For souls that are slightly less dark…
Lords of the Fallen, from City Interactive and Deck 13, sets itself quite obviously as a clone of the Dark Souls games, an unforgiving action RPG that is aimed at the hardcore gamer. However, despite the quite blatant imitation, Lords of the Fallen doesn’t quite manage to match up with the From Software title. Whilst veteran Souls players will find this a disappointment in some aspects, for newcomers to the genre, this could be a blessing in disguise…
Taking on the role of Harkyn, players are given a few choices when they first begin, choosing a class from the three available and a magic type. The magic types lend themselves to the three classes to create an attack build, a defence build or a stealth build. This is the limitation of customisation for the moment, although players will be able to mix up their weapons and armour as they play to further tweak their character, limited only by the weight of what they carry.
The player is then dropped into a high fantasy world filled with dark forces that have to be vanquished. There is a story here, and a back story for the stone-faced Harkyn, but neither of them seem to be at the front of the developers minds and information is drip-fed in a manner that is largely forgettable. Just think dark and foreboding environments filled with particularly evil-looking enemies and the occasional brutal boss, and you really don’t need a story to know what to do.
First going into the game, it is easy to imagine that this will be a fast moving action RPG with plenty of button mashing. Sure, Harkyn doesn’t move that quickly, but slapping the light and heavy attack button repeatedly takes care of the shadowy creatures that threaten you. An energy gauge limits the amount of button slapping that the player can unleash all at once, which on hindsight could have been a clue to what was actually expected of me, but it was easy to ignore. Holding the heavy attack button unleashes a more powerful attack, but takes more time, so it seemed that some relaxing button mashing was the order of the day. However, then I came up against the first boss…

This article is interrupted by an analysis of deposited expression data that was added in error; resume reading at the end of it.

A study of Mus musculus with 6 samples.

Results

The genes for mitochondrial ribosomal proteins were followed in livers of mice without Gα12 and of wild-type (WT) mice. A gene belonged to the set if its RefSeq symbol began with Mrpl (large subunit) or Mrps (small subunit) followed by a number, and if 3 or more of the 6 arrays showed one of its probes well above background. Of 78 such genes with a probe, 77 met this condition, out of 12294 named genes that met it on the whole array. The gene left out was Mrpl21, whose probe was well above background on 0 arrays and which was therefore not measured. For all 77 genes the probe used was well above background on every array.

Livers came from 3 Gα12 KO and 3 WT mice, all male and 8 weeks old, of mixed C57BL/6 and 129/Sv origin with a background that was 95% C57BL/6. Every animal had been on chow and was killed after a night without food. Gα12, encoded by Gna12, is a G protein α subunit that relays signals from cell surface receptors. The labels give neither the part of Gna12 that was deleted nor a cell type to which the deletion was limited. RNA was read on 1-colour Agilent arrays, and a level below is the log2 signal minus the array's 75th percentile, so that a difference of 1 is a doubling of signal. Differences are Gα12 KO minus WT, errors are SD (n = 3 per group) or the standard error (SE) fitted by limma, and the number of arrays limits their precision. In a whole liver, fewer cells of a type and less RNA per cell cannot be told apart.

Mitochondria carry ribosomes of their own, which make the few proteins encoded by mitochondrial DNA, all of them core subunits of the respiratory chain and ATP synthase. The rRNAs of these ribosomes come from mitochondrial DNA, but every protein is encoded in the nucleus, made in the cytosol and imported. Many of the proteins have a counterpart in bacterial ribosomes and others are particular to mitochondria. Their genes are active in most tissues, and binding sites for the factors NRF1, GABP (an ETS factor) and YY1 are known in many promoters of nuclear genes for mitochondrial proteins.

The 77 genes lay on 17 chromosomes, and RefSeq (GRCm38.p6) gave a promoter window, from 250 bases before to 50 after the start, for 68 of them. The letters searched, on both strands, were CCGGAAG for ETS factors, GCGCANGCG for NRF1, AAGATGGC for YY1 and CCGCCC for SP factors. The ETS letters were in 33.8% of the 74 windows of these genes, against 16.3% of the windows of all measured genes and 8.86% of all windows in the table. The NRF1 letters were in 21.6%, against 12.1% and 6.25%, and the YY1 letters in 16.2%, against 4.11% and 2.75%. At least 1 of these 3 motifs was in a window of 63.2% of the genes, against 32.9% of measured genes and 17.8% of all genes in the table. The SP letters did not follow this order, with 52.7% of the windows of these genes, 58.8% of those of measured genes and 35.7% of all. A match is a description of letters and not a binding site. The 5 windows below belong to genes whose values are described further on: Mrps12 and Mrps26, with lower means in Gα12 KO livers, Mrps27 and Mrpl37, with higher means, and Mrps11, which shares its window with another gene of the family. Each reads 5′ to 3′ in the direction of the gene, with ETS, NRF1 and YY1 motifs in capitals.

And died quite quickly, leaving my corpse and all of his gathered experience in a ghostly pile on the floor. Thankfully, players get to keep all of their equipment when they die, and can pick up their lost experience when they get back to their corpse. But that doesn’t take care of this boss. After a few more rather pathetic deaths, I realised it was time to put on my “Dark Souls” hat.
Slow and considered combat is the rule in Lords of the Fallen, not button mashing. Dodge, block, keep out of the bosses reach until the opportunity arises to safely deal damage and then go back on the defensive. Combat in Lords of the Fallen is not as smooth as Dark Souls, but it shares the same thought process, demanding that the player takes care and watches the enemy for the advantage. This first boss battle seemed to last an age, and was by no means easy. But victory was glorious and felt deserved.
Victory also gave rise to my first checkpoint, which gave me a very interesting decision. At these regular points in the game, the player is able to use their collected experience points to improve attributes or spells, or they can just keep hold of them for a while longer. Players run the very real risk of losing their experience points when they die, so the safe player will use them just in case. However, a braver player will keep hold of the experience, betting their progression on their skill in the game, and enjoy a multiplier to increase their experience. It is a nice mechanic that plays into the hands of both the veteran Dark Souls player and the newcomer.
As the game progresses, and the player has taken into account that careful gameplay is what will be needed, things do get easier. Lords of the Fallen is by no means a walk in the park, but the difficulty level is noticeably lower than Dark Souls, which may lead to disappointment from the veterans, but will be a bonus for the newcomers. The magical powers go a long way towards making Lords of the Fallen an easier undertaking, as do some impressive weapons that the player will gather as they go along.
There are plenty of hidden areas to find as you progress, but the gameplay is fairly linear for the most part. However, that doesn’t mean that there is nothing to look at as, despite spending lengthy times in corridors, there are some really impressive visuals to enjoy. The setting may be generic, but City Interactive have done a great job of bringing dark fantasy to the new-gen consoles in Lords of the Fallen. The game may be a less well polished clone, but it really does look like it belongs on the current consoles.
Compared to the Souls games, Lords of the Fallen will always come across as the slightly less capable relative. However, without that comparison, the game is a good looking and accessible action RPG that requires a thoughtful approach. Lords of the Fallen is certainly worth checking out if you fancy a bit of a challenge.